It is good and just that the European Union and her member Countries, together with Europeanist movements, will celebrate the anniversary of the Treaties of Rome, ratified on March 25 1957. It is equally important to seize this occasion as an opportunity to reflect and discern on the future of European unification, while waiting for the debate on the integration process of the past 60 years to prompt the recovery of consensus, tragically lost during the hastened enlargement of the EU at the turn of the Millennium, as a result of the refugee crisis and, more recently, of growing nationalistic and populist movements. But it’s regrettable that declarations and official stands, along with articles and contributions on media outlets, while focusing on the date of the adoption of the Treaties of Rome overlook a substantial part of the history of reconciliation and unification of Europe, namely the creation and synergy of the European Coal and Steel Community (ECSC), established five years before the Treaties of Rome.
It isn’t only a matter of paying tribute to the historical truth.
In fact without the ECSC and its underlying reasons it would be hard to make sense of the European Economic Community (EEC) established by the Treaty of Rome. Moreover, its full historical bearing would fail to be appreciated, along with its ethical dimension. Moreover, Europe’s union, its institutionalized integration, didn’t begin with the Treaty of Rome – as is being widely claimed. Its full thrust and determination were ushered in with the Declaration of the French Foreign Minister Robert Schumann on May 9 1950, followed by the ECSC established by the Treaty of Paris on April 18 1951. That Declaration enshrines all the fundamental reasons to embark on the initiative we now call European Union. Inasmuch as it was the “first step of the European Federation”, such initiative should have been ushered in immediately by the ECSC on “one limited but decisive and starting point.”
First and foremost it should have secured long-lasting peace, reconciling neighbouring European countries, notably Germany and France, through concrete cooperation that would have required “de facto solidarity.”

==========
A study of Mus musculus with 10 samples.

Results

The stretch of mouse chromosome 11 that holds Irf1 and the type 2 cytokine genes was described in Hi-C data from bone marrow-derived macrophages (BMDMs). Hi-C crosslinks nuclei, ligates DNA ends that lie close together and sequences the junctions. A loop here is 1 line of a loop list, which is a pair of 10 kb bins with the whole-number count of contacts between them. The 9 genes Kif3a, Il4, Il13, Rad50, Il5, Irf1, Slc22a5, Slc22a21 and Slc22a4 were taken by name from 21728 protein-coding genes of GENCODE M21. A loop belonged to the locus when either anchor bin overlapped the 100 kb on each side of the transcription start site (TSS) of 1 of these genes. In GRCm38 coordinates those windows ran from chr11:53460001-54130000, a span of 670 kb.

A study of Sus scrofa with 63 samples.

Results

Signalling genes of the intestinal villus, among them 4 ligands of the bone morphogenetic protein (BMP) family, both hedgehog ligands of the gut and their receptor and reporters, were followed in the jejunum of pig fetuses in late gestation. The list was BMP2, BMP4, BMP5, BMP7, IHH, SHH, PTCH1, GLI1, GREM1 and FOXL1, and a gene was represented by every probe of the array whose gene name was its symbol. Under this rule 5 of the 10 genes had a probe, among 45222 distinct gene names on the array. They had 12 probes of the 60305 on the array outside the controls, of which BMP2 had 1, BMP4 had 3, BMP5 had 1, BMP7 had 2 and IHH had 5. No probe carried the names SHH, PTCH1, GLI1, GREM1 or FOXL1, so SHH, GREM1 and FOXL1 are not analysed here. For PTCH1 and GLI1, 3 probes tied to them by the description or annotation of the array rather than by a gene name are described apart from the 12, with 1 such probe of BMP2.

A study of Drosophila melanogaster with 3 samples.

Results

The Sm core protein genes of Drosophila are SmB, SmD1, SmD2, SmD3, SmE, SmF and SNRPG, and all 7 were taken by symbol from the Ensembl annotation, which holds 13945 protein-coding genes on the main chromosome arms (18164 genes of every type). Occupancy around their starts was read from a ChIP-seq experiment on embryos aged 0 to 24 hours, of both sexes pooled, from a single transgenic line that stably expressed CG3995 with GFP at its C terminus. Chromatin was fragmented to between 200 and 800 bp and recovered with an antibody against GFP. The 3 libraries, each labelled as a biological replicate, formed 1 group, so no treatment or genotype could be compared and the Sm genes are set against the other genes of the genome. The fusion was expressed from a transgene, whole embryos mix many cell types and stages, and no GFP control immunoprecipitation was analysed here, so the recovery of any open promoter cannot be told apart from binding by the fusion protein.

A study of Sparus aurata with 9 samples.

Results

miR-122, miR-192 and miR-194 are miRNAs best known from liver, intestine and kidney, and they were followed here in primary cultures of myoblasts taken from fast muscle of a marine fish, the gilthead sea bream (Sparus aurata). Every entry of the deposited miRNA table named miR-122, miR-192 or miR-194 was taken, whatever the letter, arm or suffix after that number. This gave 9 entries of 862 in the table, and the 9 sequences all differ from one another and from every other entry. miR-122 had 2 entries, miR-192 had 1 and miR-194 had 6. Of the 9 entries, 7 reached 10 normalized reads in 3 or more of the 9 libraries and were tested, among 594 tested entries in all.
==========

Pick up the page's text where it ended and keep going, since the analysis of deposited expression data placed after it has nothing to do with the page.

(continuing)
It equally entailed “setting up common foundations for economic development” that would have thrived by pooling coal and steel production. This was also meant to ensure that any war involving Germany and France, or any of the other member Countries, would have been “not only unthinkable but materially impossible.” Ensuring peace, cooperation and solidarity, building common grounds coordinated by a common administration, were the fundamental requisites that European peoples – a few years after the war that had destroyed Europe’s cities and regions – were called to put into place to ensure Europe’s reconstruction and the reconciliation of its peoples. The Schuman Declaration inspired by Jean Monnet contains the surprising statement whereby “the development of the African continent” was to be “one of Europe’s essential tasks.” In the light of our present circumstances marked by high migratory pressure, which is expected to continue, that exhortation today almost seems prophetical. It is quite evident that on this point Europe has not assumed her full responsibility yet. In fact she devoted little effort to Africa and failed to invest as much as she should have.
Those were the policy guidelines with which Robert Schuman showed the way of the unification ushered in by the Declaration.
The establishment of the ECSC was the first form of institutional and procedural organization of the Union among States that had accepted to be a part of that process: France, Italy, The Netherlands, Belgium, and Luxembourg. In the European institutions that today determine the political life of the Union we still recognize the bodies acting as the pillars of the European Communities – first the Community of Coal and Steel, followed by the Economic Community and the Atomic Energy Community – since the establishment of the ECSC in 1952, until, in 1967 they came together as one and the European Communities became the European Community, which, in 1992, with the Treaty of Maastricht, became the European Union.